We lay the Soap Opera of a Year 2020 to rest and prepare to launch America into an uncharted 2021. Yet "the fundamental things apply as time goes by." So … pause with me momentarily to consider how the secret recipe for the pursuit of happiness is "hidden in plain sight" in a pledge we all have taken but now honor only in part.
We all (me included), conservative Republicans and progressive Democrats, tend to be in violation of a crucial piece of the Pledge of Allegiance, our national oath. We have all taken it so many times it has become rote. Pity. It's not empty rhetoric. It's an exceptional credo: "One nation under God, indivisible, with liberty and justice for all."
America's presenting social ills are largely caused by the conservatives' under-emphasis of justice and the progressives' under-emphasis of liberty. Both are crucial. They're complementary, not contradictory.
A word to conservatives.
I have written elsewhere how conservatives' abdication of a commitment for justice is morally and politically indefensible. Justice is the foundation of the conservative worldview. I cringe when I hear a politician talking "law and order." The right formulation is "law and justice."
The great legal sage William Blackstone, in his Commentaries, observes:
"As, therefore, the Creator is a Being, not only of infinite power, and wisdom, but also of infinite goodness. … For He has so intimately connected, so inseparably interwoven the laws of eternal justice with the happiness of each individual, that the latter cannot be attained but by observing the former; and, if the former be punctually obeyed, it cannot but induce the latter. … This law of nature, being coeval with mankind and dictated by God Himself, is of course superior in obligation to any other. It is binding over all the globe in all countries, and at all times: no human laws are of any validity, if contrary to this; and such of them as are valid derive all their force, and all their authority, mediately or immediately, from this original."
Justice is a moral imperative. It also is politically inane to allow progressives to monopolize a claim to the commitment to justice.
Now a word to progressives.
Giving short shrift to liberty in preference to justice is morally and tactically wrong. Both are requisite. Obsessing over inequality is a perversion of the legitimate critique of inequity.
When I was born, in 1952, the American economy per person, adjusted for inflation, averaged $23,000 (nominally $2,349). In 2019, it's $65,000. During my lifetime Americans have grown, on average, almost three times wealthier. Inequities exist. It is morally and politically imperative to address these, especially those based on the enslavement of ancestors.
Yet, the vast majority of us really are much better off.
No "trickle down" about it!
Prosperity helps people flourish. Yo, progressives! It is morally and politically wrong to impose penury by strangling free markets in the name of achieving "equality." Nobody aspires to equality of poverty.
One can legitimately introduce and expand social insurance programs in matters such as healthcare and education without infringing liberty. Hayek himself, a socially conscious free marketer, propounded exactly that. Government produces misery by meddling in the markets. Yet it's fine for the state to create social insurance programs funded by taxation. That's "social democracy," not "democratic socialism." From The Road to Serfdom:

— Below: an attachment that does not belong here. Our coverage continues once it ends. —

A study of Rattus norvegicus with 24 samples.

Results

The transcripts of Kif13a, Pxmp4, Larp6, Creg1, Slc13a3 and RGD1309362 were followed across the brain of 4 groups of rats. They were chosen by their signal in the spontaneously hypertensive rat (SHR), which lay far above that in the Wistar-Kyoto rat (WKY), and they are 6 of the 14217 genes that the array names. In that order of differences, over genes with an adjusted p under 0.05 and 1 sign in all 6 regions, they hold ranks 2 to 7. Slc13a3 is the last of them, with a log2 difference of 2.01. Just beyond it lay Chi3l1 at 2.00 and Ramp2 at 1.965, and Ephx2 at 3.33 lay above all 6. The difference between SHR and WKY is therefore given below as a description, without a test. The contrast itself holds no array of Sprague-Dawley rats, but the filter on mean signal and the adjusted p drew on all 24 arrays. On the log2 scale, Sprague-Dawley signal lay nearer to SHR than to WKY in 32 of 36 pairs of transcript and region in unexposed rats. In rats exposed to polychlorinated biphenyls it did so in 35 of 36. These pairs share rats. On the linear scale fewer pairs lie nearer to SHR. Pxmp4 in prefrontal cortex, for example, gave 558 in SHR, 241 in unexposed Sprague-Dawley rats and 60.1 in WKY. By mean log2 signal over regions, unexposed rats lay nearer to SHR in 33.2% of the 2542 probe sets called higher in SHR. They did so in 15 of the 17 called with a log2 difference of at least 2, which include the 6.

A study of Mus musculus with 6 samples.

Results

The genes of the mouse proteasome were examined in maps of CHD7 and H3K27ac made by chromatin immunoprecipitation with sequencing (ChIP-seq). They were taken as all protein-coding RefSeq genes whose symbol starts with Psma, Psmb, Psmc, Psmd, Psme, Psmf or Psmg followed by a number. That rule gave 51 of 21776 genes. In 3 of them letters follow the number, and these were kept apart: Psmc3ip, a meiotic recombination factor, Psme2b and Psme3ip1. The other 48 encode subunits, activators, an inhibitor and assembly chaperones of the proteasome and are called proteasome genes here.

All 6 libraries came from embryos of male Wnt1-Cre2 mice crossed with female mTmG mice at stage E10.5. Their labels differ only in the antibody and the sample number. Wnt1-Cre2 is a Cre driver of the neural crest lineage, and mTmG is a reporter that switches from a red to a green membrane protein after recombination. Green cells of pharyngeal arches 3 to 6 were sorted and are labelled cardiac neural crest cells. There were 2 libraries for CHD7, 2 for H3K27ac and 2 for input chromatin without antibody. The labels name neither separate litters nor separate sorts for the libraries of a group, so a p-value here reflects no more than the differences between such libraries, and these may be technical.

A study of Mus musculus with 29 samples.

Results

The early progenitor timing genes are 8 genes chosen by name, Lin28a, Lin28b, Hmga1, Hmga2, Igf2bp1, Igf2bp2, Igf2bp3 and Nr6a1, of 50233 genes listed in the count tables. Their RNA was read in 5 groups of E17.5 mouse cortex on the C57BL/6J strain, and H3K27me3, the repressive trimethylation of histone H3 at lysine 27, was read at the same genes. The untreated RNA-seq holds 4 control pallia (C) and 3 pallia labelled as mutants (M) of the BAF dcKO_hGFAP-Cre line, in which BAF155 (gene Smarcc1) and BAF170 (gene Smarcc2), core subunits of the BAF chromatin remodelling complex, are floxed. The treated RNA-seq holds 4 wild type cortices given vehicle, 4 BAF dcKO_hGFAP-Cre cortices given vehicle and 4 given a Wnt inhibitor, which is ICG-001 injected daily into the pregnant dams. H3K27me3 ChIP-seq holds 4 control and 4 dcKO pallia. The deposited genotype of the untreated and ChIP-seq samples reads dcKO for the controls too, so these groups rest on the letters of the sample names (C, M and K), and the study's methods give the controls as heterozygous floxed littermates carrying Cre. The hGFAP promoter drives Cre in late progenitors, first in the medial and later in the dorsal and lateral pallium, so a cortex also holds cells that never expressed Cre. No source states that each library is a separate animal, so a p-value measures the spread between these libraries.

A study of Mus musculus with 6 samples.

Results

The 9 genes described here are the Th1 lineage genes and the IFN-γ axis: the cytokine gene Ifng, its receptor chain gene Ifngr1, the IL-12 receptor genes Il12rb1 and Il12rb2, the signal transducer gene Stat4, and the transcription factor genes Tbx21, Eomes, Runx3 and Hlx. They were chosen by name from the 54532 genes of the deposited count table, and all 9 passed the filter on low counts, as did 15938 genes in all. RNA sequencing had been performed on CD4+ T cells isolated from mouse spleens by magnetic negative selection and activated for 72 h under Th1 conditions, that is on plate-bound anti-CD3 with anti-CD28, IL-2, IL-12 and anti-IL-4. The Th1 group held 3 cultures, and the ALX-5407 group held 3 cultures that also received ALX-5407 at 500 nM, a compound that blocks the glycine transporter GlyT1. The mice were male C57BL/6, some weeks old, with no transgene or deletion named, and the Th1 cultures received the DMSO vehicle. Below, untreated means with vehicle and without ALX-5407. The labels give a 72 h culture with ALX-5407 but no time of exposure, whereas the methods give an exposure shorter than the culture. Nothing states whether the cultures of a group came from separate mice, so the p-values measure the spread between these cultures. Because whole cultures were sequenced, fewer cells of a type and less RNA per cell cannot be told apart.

Where, as in the case of sickness and accident, neither the desire to avoid such calamities nor efforts to overcome their consequences are as a rule weakened by the provision of assistance — where, in short, we deal with genuinely insurable risks — the case the for the state's helping to organize a comprehensive system of social insurance is very strong. … [T]here is no incompatibility in principle between the state's providing greater security in this way and the preservation of individual freedom.
Americans aspire to equitable prosperity. Not to equal austerity.
Progressives trademarked "equitable." Conservatives patented "prosperity." (I myself founded the Prosperity Caucus around 30 years ago.) Both virtues are essential.
As Sen. Barry Goldwater said in his ringing 1964 presidential acceptance speech: "I would remind you that extremism in the defense of liberty is no vice. And let me remind you also that moderation in the pursuit of justice is no virtue."
Let's both defenders of liberty and pursuers of justice unite to honor Goldwater's credo. Let's rededicate ourselves to both. The secret recipe for that very American commitment to the pursuit of happiness is hidden in plain sight. We are all pledged to it.
So, in 2021 let's honor, in full rather than only partially, our pledge of allegiance to the flag of the United States of America, and to the republic for which it stands, one nation under God, indivisible, with liberty and justice for all.
Happy New Year!
Ralph Benko, co-author of "The Capitalist Manifesto" and chairman and co-founder of "The Capitalist League," is the founder of The Prosperity Caucus and is an original Kemp-era member of the Supply Side revolution that propelled the Dow from 814 to its current heights and world GDP from $11T to $88T. He served as a deputy general counsel in the Reagan White House, has worked closely with the Congress and two cabinet agencies, and has published over a million words on politics and policy in the mainstream media, as a distinguished professional blogger, and as the author of the internationally award-winning cult classic book "The Websters' Dictionary: How to Use the Web to Transform the World." He has served as senior adviser, economics, to APIA as an advocate of the gold standard, senior counselor to the Chamber of Digital Commerce and serves as co-founder of and senior counselor to Frax.finance, a stablecoin venture. Read Ralph Benko's reports — More Here.